The Mozilla Curriculum Workshop 9/30/16 – Maker Party & Copyright
I happened to be on Twitter when I caught Paul Oh’s about Mozilla’s Maker Party & Copyright. I skidded in short of halfway through and caught the live YouTube stream + simultaneous Etherpad collaboration. Chad Sansing moderated the session.
After brief introductions, the first two questions posted to the Etherpad raised a plethora of experiences, questions, & comments.
10:10 – 10:20 AM ET – Questions & Answers What is copyright like where you live and work? How does ‘working open’ or using open licenses look where you are? What obstacles does copyright present to you in your work as an educator? How do you help learners understand topics like copyright, open licensing, and the commons or public domain?
10:20 – 10:25 AM ET – Deciding on a project (or projects) we can prototype together.
Some of the issues raised and discussed included: who owns work that is done in schools; the negative impact on students when fair use rules are misinterpreted, e.g., when Youtube takes down student-produced videos and teachers have to expend significant energies to have the videos reposted; how to manage student copyright violations when posting of favorite music videos, bands, on school-sponsored sites, etc.; how to model creating and publishing openly; how to use open materials appropriately; challenges researchers face in traditional restricted methods of academic publishing; etc.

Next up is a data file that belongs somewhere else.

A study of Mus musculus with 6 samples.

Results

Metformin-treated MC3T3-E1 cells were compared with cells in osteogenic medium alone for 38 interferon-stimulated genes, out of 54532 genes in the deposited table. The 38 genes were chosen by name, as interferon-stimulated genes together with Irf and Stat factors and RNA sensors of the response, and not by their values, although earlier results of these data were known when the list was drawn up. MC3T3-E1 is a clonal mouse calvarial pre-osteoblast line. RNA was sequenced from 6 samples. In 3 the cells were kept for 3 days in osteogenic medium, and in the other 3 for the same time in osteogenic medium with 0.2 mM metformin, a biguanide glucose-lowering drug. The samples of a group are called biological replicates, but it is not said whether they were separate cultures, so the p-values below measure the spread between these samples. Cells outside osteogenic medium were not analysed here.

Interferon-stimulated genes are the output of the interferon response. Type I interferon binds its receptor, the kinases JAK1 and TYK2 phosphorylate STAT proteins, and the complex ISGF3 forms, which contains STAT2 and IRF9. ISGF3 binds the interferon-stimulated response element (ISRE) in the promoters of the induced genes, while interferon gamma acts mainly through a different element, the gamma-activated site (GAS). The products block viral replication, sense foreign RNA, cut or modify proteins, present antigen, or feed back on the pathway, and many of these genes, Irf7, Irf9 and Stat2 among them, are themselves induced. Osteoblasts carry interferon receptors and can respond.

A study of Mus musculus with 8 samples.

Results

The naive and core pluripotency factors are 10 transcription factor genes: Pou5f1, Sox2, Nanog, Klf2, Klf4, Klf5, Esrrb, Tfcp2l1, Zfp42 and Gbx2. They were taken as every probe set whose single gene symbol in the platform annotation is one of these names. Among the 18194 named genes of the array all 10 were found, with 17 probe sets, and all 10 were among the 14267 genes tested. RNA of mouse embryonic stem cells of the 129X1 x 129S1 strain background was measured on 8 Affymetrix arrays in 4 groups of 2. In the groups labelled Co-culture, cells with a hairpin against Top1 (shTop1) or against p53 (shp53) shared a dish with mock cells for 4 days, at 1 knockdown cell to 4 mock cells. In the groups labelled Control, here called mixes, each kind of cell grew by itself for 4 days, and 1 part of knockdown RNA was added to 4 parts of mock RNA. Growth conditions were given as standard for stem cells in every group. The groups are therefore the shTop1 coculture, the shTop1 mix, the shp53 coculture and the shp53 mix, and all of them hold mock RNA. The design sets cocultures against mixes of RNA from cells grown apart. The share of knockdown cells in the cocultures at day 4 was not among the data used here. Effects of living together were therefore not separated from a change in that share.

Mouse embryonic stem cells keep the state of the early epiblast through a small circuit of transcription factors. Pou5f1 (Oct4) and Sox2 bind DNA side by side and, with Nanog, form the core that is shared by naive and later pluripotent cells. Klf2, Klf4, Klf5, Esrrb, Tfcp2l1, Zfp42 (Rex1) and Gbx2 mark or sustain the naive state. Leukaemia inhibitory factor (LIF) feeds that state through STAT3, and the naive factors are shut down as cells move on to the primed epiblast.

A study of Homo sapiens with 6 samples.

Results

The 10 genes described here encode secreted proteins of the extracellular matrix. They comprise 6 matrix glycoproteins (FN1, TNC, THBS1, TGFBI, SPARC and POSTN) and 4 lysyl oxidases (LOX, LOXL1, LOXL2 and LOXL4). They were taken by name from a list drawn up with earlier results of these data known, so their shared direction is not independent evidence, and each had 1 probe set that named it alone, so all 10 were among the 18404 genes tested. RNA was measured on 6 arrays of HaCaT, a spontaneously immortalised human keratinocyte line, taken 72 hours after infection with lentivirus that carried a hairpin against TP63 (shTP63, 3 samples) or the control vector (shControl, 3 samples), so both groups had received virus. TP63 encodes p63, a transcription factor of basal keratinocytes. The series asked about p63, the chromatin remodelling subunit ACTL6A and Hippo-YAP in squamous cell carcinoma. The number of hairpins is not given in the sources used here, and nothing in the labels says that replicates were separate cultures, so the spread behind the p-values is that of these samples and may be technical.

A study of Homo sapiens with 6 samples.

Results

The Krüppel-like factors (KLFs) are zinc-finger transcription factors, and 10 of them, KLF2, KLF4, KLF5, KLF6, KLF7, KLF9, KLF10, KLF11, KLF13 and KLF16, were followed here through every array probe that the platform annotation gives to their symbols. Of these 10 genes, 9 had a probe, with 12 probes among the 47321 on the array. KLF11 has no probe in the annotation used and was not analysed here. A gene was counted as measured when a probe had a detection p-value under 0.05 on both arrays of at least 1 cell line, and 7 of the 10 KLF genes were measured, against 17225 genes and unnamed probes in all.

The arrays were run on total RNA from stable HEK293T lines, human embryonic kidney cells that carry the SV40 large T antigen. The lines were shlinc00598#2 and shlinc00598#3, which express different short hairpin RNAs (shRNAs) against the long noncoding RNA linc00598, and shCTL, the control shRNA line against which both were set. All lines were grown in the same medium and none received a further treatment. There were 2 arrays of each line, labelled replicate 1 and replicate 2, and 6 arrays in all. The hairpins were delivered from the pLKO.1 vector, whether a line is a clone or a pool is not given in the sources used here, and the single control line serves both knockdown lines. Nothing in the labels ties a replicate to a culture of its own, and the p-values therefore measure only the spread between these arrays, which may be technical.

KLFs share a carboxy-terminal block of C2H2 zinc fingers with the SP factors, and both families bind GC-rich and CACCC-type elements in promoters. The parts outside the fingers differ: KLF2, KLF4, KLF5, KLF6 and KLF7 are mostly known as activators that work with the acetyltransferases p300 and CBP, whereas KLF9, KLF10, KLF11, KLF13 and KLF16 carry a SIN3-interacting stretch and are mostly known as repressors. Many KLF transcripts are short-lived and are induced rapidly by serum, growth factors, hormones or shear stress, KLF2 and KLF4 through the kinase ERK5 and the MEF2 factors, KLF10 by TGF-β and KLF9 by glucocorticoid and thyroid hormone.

The discussion of projects that might be taken up seemed to coalesce around a couple of areas. One involved using technologies to create cool tools to support attribution and copyright awareness, for example, Mark Shillitoe’s idea of an “
The other key area was related to developing stuff of all kinds to help people, especially teachers and their students, learn about openness and the decisions that come with it; ownership and attribution; Creative Commons licensing; etc.
The action to follow will be a meeting of interested folks who have passed on their contact information to Chad, either via Twitter DM or email.
My interest in this is simple. For as much as I want teachers to begin to think about bringing the Web into their classrooms, I want them to do it with an awareness of the history of the Web and the intentions behind its design. When articles and commentary talk about the Web as a lynchpin to democracy, I think this can be read as “everyone with internet access can publish.” While that’s true, it’s not fully accurate. The open movement is a much more fundamental philosophical context that educators and educational administrators need to understand. Being part of a resource development team is an essential step toward enacting my own belief in the promise of the open Web. Through their Mozilla Learning projects, Mozilla is doing critically important work in these areas. I’m looking forward to getting involved.